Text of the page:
MSHA News Release: [11/13/2008]
Contact: Amy Louviere
Release Number 08-1685-NAT
MSHA issues first-ever pattern of violation notice
Patriot Mining LLC failed to reduce rate of significant and substantial violations
ARLINGTON, Va. - The U.S. Department of Labor's Mine Safety and Health Administration (MSHA) has issued its first-ever pattern of violations notice to a mine operator. Patriot Mining LLC of Wise County, Va., received the notice as a result of repeated violations of mandatory health and safety standards. This enforcement sanction was authorized by law in 1978 but was not systematically used until June 2007, when MSHA issued its first letters to mine operators indicating a potential pattern of violations.
"This operator had a pattern of exposing miners to potentially life-threatening injuries and illnesses in violation of the law and was given every opportunity to turn around its safety record but failed to do so," said Richard E. Stickler, acting assistant secretary of labor for mine safety and health. "Hopefully, this stronger enforcement action will induce the operator to implement the necessary improvements at its operation to prevent potentially serious or fatal harm to miners."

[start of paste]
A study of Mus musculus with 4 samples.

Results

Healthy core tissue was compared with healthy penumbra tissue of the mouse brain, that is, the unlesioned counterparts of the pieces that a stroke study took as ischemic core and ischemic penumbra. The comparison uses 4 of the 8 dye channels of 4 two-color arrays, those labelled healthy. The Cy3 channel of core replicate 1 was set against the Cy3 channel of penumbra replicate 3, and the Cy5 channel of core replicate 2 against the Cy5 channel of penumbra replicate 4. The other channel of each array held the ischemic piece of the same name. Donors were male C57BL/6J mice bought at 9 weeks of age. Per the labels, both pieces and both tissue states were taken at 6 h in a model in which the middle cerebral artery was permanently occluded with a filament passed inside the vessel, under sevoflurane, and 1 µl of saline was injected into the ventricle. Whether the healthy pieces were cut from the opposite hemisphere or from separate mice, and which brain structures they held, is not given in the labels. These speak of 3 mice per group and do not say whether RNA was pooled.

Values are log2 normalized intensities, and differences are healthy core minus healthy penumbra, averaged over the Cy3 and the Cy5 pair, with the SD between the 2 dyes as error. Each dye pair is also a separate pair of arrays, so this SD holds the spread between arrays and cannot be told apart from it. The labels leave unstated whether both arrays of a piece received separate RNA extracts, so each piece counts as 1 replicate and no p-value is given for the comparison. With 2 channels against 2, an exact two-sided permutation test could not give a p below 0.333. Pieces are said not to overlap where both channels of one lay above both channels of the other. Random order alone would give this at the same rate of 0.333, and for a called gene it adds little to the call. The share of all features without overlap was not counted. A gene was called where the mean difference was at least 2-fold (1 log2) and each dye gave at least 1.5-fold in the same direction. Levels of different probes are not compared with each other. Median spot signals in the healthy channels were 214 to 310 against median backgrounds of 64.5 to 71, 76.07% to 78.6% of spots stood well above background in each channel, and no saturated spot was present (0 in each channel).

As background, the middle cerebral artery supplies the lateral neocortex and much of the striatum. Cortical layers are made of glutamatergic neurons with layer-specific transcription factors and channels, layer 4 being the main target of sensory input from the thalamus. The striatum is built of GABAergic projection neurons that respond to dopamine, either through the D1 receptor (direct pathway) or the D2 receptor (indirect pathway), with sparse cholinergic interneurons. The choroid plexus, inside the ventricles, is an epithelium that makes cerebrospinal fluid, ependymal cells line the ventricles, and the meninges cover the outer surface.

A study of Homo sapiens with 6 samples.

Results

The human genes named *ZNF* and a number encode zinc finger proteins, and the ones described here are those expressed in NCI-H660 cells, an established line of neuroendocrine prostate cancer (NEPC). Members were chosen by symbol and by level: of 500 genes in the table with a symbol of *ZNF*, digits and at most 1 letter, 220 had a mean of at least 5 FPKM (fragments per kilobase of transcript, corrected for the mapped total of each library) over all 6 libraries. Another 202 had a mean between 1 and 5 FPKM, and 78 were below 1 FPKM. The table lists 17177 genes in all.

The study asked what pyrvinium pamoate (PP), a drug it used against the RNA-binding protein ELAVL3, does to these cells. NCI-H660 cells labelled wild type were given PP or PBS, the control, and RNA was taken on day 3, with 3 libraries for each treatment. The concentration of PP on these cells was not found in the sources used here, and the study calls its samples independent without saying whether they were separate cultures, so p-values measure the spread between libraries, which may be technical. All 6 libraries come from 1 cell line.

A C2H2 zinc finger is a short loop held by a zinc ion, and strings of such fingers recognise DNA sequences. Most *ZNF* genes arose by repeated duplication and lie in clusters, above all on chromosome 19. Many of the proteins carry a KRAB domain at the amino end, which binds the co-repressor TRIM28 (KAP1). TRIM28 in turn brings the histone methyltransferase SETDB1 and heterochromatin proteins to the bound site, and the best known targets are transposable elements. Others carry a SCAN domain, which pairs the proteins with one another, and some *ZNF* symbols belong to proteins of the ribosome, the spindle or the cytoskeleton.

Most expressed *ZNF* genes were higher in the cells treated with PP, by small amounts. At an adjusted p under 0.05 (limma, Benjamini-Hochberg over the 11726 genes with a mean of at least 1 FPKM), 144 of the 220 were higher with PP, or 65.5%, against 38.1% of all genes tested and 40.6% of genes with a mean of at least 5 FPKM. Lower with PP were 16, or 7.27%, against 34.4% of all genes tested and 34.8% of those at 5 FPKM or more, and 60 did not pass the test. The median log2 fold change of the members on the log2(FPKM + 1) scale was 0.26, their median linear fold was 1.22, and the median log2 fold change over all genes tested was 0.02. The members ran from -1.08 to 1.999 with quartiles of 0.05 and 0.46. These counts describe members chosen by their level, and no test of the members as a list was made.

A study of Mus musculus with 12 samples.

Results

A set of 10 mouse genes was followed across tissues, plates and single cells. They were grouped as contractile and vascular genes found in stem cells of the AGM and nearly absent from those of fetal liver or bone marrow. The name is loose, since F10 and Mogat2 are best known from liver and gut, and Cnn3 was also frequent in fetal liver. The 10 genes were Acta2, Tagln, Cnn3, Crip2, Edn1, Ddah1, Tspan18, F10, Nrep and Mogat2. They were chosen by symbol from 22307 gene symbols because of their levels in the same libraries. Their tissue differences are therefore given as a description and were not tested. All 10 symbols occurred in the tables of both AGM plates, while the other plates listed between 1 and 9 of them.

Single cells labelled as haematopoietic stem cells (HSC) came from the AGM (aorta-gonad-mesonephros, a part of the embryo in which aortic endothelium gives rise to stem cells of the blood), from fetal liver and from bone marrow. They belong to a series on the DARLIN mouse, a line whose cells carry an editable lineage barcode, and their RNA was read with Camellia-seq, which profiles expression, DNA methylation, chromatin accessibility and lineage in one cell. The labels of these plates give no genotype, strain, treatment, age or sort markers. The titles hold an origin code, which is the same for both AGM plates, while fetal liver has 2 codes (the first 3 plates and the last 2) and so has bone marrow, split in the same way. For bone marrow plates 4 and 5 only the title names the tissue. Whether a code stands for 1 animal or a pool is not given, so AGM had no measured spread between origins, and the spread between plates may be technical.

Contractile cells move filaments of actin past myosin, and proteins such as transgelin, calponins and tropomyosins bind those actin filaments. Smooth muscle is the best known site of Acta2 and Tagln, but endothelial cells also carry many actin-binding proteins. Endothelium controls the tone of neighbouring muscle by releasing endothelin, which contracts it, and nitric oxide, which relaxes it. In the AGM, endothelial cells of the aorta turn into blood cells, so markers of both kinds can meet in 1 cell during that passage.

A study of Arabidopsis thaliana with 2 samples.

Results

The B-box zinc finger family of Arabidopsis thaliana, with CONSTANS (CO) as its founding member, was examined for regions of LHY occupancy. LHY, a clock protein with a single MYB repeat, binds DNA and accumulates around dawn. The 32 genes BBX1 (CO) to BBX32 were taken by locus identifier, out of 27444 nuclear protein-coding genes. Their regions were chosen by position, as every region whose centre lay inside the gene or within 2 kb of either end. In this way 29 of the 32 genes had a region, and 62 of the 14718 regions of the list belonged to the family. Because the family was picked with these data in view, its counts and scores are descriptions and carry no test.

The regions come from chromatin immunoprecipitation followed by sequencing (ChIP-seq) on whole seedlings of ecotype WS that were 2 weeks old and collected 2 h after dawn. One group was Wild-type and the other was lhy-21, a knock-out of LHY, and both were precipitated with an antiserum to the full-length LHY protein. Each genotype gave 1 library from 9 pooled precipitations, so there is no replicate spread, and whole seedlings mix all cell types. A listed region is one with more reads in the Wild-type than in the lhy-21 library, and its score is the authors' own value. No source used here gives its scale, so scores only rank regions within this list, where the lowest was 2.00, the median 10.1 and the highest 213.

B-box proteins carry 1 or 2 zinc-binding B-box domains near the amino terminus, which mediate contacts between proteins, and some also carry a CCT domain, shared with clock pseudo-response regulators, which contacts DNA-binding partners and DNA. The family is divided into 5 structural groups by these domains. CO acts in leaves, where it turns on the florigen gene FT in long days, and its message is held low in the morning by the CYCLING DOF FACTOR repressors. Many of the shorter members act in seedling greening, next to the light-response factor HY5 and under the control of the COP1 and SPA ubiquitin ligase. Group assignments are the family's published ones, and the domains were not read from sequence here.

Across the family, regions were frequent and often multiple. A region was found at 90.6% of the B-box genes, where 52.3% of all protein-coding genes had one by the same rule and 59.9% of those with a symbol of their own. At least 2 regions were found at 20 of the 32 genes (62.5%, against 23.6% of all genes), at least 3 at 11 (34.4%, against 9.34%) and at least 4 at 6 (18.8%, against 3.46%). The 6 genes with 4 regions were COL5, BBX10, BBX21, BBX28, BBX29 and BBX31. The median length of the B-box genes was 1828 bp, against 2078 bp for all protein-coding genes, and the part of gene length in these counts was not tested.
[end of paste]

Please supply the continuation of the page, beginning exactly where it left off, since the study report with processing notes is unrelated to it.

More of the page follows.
On June 16, 2008, mining operations from around the country were notified of their status as potential pattern of violations operators. In order to avoid being placed on a pattern of violations, each operation had an opportunity to review and comment on the documents upon which the potential pattern of violations was based, and develop and implement a written corrective action plan to reduce significant and substantial (S&S) violations in order to be removed from the potential pattern category. An S&S violation is one that could reasonably be expected to lead to a serious injury or illness.
During the evaluation period, MSHA closely monitored the affected mines' compliance records. Since Patriot Mining failed to significantly reduce its violation frequency rate, MSHA issued the notice. Consequently, during the next inspection of the mine, MSHA will have to issue an order withdrawing miners from the affected area for each S&S violation found. The withdrawal order can be lifted only after the condition has been corrected.
The mine operator will be removed from a pattern of violations when an inspection of the entire mine is completed and no S&S violations are found or no withdrawal order is issued by MSHA in accordance with Section 104(e)(1) of the Mine Act within 90 days of the issuance of the pattern notice.
Since June of 2007, when MSHA initiated a systematic review of all mines, 43 operations have been notified of their potential pattern of violations. All of the operating mines except Patriot Mining have significantly improved their compliance records. Patriot Mining's failure to improve stands in contrast to the significant improvements made at other mines.